Why Are Lightning ‘Superbolts’ More Common Over the Ocean? | Science


This article is from Hakai Magazine, an online publication about science and society in coastal ecosystems. Read more stories like this at hakaimagazine.com.

When marine scientist Mustafa Asfur made a tiny storm in a box, he stumbled on a possible solution to a long-standing mystery: why bolts of lightning are brighter over the ocean than they are over land.

More than 90 percent of lightning bolts strike over the continents, but the lightning that strikes the ocean can be far more intense. Rare “superbolts,” for example, with flashes 100 or 1,000 times brighter and more powerful than a regular bolt, are far more likely to hit the ocean. Exactly why this is so is still under debate.

Asfur—now at the Ruppin Academic Center in Israel—had set out to investigate how lightning bolts affect water chemistry. Instead, he discovered that, in the lab at least, lightning-like discharges are brighter over salt water than over fresh water or soil.

“We were surprised,” says atmospheric scientist Colin Price of Tel Aviv University in Israel, who was Asfur’s supervisor at the time of the experiments. “Everyone believed, including myself, that something in the thunderstorm controls the intensity of the flash; something in the cloud.” But the study shows, says Price, that what lies beneath has a big effect on brightness.

Asfur’s storm in a box was low-tech: just a spark generator, a couple of electrodes, and a beaker of water in a dark wooden cabinet. When a flash discharged, it made a tiny audible crack as the air heated up. The mini bolts were about a million times less powerful than real lightning, but created a zap with the same light profile as a real spark.

When Asfur and his colleagues first realized that saltier water seemed to be making brighter sparks, they went to the Dead Sea and brought back some water. Sure enough, that super-salty water spurred a super-bright spark. Asfur reran the experiment multiple times using fresh water, soil, and samples from the Sea of Galilee (barely salty), the Mediterranean (quite salty), and the Dead Sea (very salty). The results clearly showed that the saltier the water, the beefier the bolt. Discharges over Dead Sea water, which is about 680 times saltier than Galilee water, were nearly 40 times brighter. Flashes over Sea of Galilee water were 1.5 times brighter than over wet soil.

The team has an explanation. In water, salt splits into positive and negative ions that help conduct electricity. When lightning strikes, the more ions present, the more efficiently the electrical charge is drained from the cloud. That swift discharge causes a higher peak current and a brighter flash.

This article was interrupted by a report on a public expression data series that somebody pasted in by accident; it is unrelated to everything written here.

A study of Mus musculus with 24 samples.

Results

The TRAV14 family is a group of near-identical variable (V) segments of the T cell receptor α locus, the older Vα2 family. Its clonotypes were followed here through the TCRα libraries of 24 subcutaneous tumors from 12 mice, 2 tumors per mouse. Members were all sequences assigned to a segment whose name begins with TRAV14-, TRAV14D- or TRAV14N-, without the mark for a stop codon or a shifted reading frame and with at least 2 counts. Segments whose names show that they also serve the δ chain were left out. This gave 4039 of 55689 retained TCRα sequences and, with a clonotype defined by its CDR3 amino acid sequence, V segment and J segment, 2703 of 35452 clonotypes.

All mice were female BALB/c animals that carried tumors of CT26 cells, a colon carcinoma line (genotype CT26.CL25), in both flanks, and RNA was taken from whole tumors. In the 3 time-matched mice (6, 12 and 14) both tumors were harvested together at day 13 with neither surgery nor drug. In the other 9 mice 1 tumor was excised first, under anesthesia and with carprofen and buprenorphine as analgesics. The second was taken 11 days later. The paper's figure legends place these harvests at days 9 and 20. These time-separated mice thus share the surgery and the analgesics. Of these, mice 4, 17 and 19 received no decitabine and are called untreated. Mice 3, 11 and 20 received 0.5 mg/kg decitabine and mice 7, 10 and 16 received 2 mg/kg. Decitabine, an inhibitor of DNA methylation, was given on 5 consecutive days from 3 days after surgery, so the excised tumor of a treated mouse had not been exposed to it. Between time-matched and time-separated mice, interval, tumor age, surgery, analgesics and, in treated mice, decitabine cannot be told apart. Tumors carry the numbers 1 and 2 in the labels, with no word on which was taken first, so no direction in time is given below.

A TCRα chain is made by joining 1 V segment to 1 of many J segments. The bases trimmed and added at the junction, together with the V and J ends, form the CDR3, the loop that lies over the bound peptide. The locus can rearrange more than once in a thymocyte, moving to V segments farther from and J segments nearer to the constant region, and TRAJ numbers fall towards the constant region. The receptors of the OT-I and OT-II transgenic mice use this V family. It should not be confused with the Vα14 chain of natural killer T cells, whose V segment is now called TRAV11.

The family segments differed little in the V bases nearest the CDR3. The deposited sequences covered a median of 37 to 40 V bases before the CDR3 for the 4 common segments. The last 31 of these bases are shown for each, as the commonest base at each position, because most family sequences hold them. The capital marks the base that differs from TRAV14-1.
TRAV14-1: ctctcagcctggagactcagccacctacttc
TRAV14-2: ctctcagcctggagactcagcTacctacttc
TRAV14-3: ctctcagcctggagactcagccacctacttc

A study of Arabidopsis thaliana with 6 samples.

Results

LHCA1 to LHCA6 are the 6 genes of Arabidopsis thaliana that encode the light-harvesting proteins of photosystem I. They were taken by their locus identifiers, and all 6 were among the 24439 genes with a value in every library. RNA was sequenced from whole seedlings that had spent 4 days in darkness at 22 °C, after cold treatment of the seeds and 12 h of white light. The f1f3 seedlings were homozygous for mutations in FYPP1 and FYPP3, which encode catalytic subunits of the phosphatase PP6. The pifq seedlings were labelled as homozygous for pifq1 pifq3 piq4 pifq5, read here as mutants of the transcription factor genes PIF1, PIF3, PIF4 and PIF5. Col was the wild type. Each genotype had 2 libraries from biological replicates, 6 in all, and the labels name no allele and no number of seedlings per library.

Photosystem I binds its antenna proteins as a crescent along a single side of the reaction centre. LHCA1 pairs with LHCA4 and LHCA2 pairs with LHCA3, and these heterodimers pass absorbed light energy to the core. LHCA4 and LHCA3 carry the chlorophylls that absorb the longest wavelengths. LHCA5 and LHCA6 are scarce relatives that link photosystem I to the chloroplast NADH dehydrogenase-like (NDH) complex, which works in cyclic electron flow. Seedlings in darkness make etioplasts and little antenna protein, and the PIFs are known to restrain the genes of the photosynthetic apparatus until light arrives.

University of Washington earth sciences professor Robert Holzworth, who manages the World Wide Lightning Location Network, says the research “is a nice step towards showing that the salty oceans and seas could be responsible for more intense lighting on average.” But, he adds: “There’s a big difference between that small-scale lab study and actual lightning. There’s a whole bunch of dynamic processes that aren’t included.”

Last year, Holzworth and his colleagues surveyed two billion lightning strikes recorded between 2010 and 2018 and mapped out 8,000 intense superbolts, the vast majority of which hit the ocean. The strongest superbolts were super concentrated in the Mediterranean Sea, with the distribution curving up past Spain and the United Kingdom to Iceland and Norway. They found smaller hotspots east of Japan, off the tip of South Africa, and, surprisingly, over the Andes Mountains—the only terrestrial site.

For such a common phenomenon, lightning holds many mysteries left to untangle. Scientists are still trying to work out whether measures of bolt energy (which is what Holzworth’s superbolt survey looked at) show the same trends as measures of total bolt brightness (which is what Asfur was studying). Salt content can’t explain the entire map of superbolts, but it might, for example, contribute to the hotspot over the salty Mediterranean, says Price.

The research also hints at a way that climate change might lead to brighter lightning bolts. Some patches of seawater, such as in the North Atlantic, are getting fresher as ice melts, but others, notably in the subtropical Pacific, are getting saltier as evaporation ramps up under hotter air. Ocean acidification is also adding hydrogen ions to water. All those extra ions mean climate change might spark even more intense lightning—super superbolts.

This article is from Hakai Magazine, an online publication about science and society in coastal ecosystems. Read more stories like this at hakaimagazine.com.